Coaching, counseling help promote compliance

Program targets high-risk members

A woman with diabetes who has struggled with compliance for years before getting her disease under control told Gayle McLaughlin, RN, BSN, “Every time I start to go off track, I keep hearing your voice in my head.”

The woman is just one of the success stories for MVP Health Care’s high-risk diabetes program.

That particular patient had lost her job just after her husband was diagnosed with cancer, recalls McLaughlin, case manager for the high-risk diabetes program.

“She had so many things going on in her life that she couldn’t handle any of them. She had an insulin pump and didn’t test it properly or give herself insulin prior to meals,” McLaughlin explains.

The case manager finally got the woman to realize that she was sabotaging her own health and agree to go to counseling.

She’s started counting carbohydrates and giving herself insulin as directed.

Behavioral health issues often get in the way of compliance with treatment regimes, but once they get help addressing them, patients are more likely to comply, McLaughlin points out.

“Once people can handle the stresses in their lives, they are more interested in their diabetes and their general health. Then we can see good outcomes, better control, and they follow through on their treatment plan,” she adds.

For instance, one patient who had seasonal depression was compliant part of the time, but when he became depressed, he ignored his treatment regime.

McLaughlin helped him get counseling and attend MVP’s Personal Health Improvement Program, a series of classes that teaches participants how to address stress, how to handle relationships, better eating behaviors, and other techniques for having a healthier lifestyle.

After a few weeks, the man’s condition improved so much he was able to get off one oral medication and his hemoglobin A1C level dropped to six.

“He was able to sustain good eating habits and had a very good outcome,” McLaughlin says.

MVP Health Care, based in Schenectady, NY, identifies people in the high-risk population through a health risk appraisal, physician referrals, and claims patterns.

The program is primarily a health-coaching type of program, McLaughlin says.

When a member is referred to the program, his or her nurse case manager does a telephone assessment of his or her educational needs and how well or how poorly he or she is managing their diabetes.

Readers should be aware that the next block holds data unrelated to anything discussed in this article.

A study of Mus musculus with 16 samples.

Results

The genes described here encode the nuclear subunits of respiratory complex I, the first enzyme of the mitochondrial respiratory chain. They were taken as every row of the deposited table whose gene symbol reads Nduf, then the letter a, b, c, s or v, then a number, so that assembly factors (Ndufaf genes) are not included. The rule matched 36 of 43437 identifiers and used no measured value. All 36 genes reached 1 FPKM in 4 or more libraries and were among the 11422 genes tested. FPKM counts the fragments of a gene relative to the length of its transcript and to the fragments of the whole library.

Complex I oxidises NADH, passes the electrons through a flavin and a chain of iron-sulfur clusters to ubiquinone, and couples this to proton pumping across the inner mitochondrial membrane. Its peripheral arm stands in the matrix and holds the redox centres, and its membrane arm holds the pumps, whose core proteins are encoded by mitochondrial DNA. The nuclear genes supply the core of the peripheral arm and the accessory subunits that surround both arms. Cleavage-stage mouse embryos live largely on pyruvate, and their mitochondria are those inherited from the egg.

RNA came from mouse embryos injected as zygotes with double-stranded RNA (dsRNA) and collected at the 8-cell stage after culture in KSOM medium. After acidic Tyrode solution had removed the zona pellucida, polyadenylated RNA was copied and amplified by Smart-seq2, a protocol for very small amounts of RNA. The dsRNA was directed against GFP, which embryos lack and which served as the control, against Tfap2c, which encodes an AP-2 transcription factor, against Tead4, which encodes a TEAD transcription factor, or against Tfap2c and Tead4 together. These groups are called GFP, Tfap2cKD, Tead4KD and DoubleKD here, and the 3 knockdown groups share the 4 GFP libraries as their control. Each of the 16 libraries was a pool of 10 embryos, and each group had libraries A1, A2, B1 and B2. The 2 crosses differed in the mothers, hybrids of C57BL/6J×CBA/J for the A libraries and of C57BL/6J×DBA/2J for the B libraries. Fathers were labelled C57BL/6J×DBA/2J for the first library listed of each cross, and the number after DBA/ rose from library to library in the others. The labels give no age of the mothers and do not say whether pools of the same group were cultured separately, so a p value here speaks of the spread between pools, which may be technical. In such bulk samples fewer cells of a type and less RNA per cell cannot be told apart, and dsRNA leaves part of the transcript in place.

“We find out from members if there are family issues or behavioral health issues that could be a problem and, if so, we refer them to our behavioral health department,” McLaughlin says.

She helps members set goals for what they want to accomplish, whether it’s self-managing the diabetes or other lifestyle changes and helps them identify barriers to accomplishing the goals.

She is in touch with the members as often as every week and as infrequently as every month.

“I make follow-up calls to check in with the members, learn how they are doing, and discuss what is and what isn’t working. I do whatever I can to help the member move forward,” explains McLaughlin.

Since the program started, McLaughlin has seen drops in members’ A1C levels. A number of members have quit smoking and enrolled in exercise programs.

The nurse case managers call the physician occasionally if there are concerns and to obtain lab results so they can keep tabs on the members’ A1C and LDL cholesterol levels, according to Gail Sapone, RN, MS, health promotions manager.

Blood sugar testing

A key to successful diabetes management is regular tests of blood sugar levels.

Diabetics know that they should test their blood sugar level, but they may need a jump-start to get them to do it regularly, McLaughlin says.

“Many of them are in some level of denial. They don’t want to see the results because they know it is going to be bad. I tell them that if they don’t know what their blood sugars are, they don’t know if the diabetes is going well or not going well,” she says.

McLaughlin starts out getting members to agree to test their blood sugar at least once a day. If they won’t test but once, she gets them to stagger the tests — before breakfast one day, after breakfast the next day, then in the afternoon, and before bedtime.

“If they stagger the testing, we can get a picture of what is going on, and they aren’t totally overwhelmed by having to test numerous times a day,” she adds.

Sometimes, the staggered tests pique the members’ curiosity and they start testing more frequently to see how what they are eating affects the level. “When members need to test their blood sugar on a regular basis, I talk to them quite often and find out what is getting in the way. We work together to help them be successful,” she adds.

The health plan has two nurse case managers dedicated to the program. The plan aims to have each case manager work with 100-120 members at a time.

“We are constantly trying to find people for the program. Some people agree to be in the program but we can never reach them again. It is a struggle to keep them engaged,” McLaughlin says.

Members typically are in the high-risk program from six to 12 months and are discharged when they reach their goals, Sapone adds.

“If a member has made behavioral changes and is successfully keeping their A1C and LDL cholesterol levels down and has lost weight, we pull back with the health coaching and talk to the member about taking control on his own,” McLaughlin says.

She encourages members to call if they need help in sustaining their goals or have a concern or a question.